On the versatile musician’s 80th birthday, a new book, A Symphony of Love, by Rupa Publications looks at the life and career of the maestro who is known as the godfather of jazz in India and whose collaboration with film composer RD Burman delivered some unforgettable scores.

Ashis Ghatak

One day during a break in the performance, Louiz had just retired to a separate corner and asked for a cup of coffee when a waiter came to him and whispered something in his ear. Louiz looked up at the crowd and found one bespectacled young man smiling at him and smoking a cigarette. Louiz quietly made his way through the tables and chairs and took a seat opposite to the visitor.

‘You play quite well. I have been listening to you for quite some time,’ said the visitor and greeted Louiz with a smile, introducing himself, ‘My name is RD Burman. I am a music director in Hindi films.’

Louiz acknowledged the words of praise with a smile but remained indifferent as he had not much of an idea who Mr RD Burman was. The name could not draw any of the usual exclamations of ecstasy from Louiz as he was dispassionate towards Hindi films. Modest approval with a gentle smile was all that Louiz’s face could reflect.

However, the gentleman’s next words did surprise Louiz a lot.

‘Do you want to come to Bombay and work with me?’ Burman asked

‘Oh, my god! I know nothing about Hindi films and Hindi film music,’ exclaimed Louiz.

‘You don’t need to know anything. The hero of the film I am working on is playing the role of a pianist. When I heard you, I thought I might ask you to play a few piano pieces which I can use in the film. Please come over to Bombay and play for me.’

Louiz was hesitant as he had no clue how music in movies was made. Moreover, he was so content with what he was doing in the nightclub that he didn’t feel the need for any different pursuit. But being a true musician at heart, there was also a restlessness to explore newer horizons in composing music. The proposal for playing a few piano pieces for 'Bollywood' music was something he had never tried and excited him. He thus agreed to the proposal with the condition that he would come back to Calcutta once the assignment was done.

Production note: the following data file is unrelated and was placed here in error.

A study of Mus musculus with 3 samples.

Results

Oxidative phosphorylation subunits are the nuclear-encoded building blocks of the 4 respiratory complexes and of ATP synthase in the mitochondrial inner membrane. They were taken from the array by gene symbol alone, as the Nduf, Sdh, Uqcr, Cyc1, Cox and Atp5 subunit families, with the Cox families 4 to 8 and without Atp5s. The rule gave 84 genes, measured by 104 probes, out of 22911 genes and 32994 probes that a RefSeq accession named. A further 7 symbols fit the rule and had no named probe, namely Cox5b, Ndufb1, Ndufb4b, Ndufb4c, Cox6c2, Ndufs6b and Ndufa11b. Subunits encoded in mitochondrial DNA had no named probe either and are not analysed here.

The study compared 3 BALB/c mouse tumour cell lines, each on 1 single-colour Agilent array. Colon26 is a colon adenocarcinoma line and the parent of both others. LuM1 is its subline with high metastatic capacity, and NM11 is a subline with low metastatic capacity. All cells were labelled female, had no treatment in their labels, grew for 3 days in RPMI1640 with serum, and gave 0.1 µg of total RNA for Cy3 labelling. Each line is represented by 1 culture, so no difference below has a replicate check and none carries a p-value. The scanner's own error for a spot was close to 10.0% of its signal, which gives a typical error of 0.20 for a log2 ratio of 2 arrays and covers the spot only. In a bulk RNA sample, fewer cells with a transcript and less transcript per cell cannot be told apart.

Louiz couldn’t foresee the future awaiting him. From the little stretch of Park Street, a journey into a vast unknown world needed a leap. Louiz was amazed by the atmosphere and the incredible magnitude of RD Burman’s recording studio at Film Centre. He was stunned by the grandeur of music-making in the recording. He was to play piano solos because the leading man of the film, Shashi Kapoor, would be seen playing the piano.

Louiz composed a long piano solo for the song ‘Suhani Chandni Raatein’ and RD Burman used it in the intro of the song. The song went on to become one of the most popular Mukesh songs of all time. Apart from the melancholic ‘Suhani Chandni Raatein’ and a lullaby ‘Lalla Lalla Lori’, no other piano pieces got much recognition or caught any widespread attention. But Louiz got new exposure. The new domain of the largest film industry of the world fed on film music was introduced to him. It gave Louiz a new creative spectrum. He had, so far, been acquainted with the most ordinary and amateurish music recording system of Calcutta. For him, recording an album had been more out of fun and camaraderie with fellow musicians. Recording in such a large studio in Film Centre had been an eye-opener. Those seven days in Bombay introduced Louiz to yet another unfamiliar domain, Indian classical music and Eastern instrumentation. For the first time, Louiz could see a glimpse of the juxtaposition of Occidental and Oriental music arrangements. Louiz remembered the experience to have introduced him to so many things of which he didn’t have any exposure.

'It was quite a different experience. I got the opportunity to play the piano the way I like to play. It wasn’t jazz per se, but it was very pianistic music. So, I improvised a lot and co-composed many of the tunes with him [RD Burman] at that time because it was piano-based. And he gave me a kind of a free hand to play in big introductions and interludes and things like that. Because the film demanded that from the hero who had to sit at the piano and play, he wanted all these frills and arpeggios and all those pianistic things. Seeing about 100 musicians, 50 violin players, I mean, it was quite amazing. I was quite amazed at what RD Burman was doing, what he was creating within that orchestra.'

At the end of the recording, when Louiz was preparing to return to Calcutta after a week, RD Burman came up with a proposal, ‘You stay here in Bombay. There will be a lot of work and there will be money galore.’ But Louiz was a man who was deeply rooted in his own aesthetic values. He was not carried away by the lures of lucre. On his return journey, he carried with him the experiences and gratefulness of getting exposed to a diverse genre of music. Still, he didn’t want to leave his passion for jazz that could only be fulfilled at Blue Fox. ‘All right. Get back to Calcutta, but remember my door is always open to you. Join me whenever you feel like,’ RD Burman assured Louiz.

Excerpted from Louiz Banks: A Symphony of Love by Ashis Ghatak with permission from Rupa Publications. Click here to buy your copy.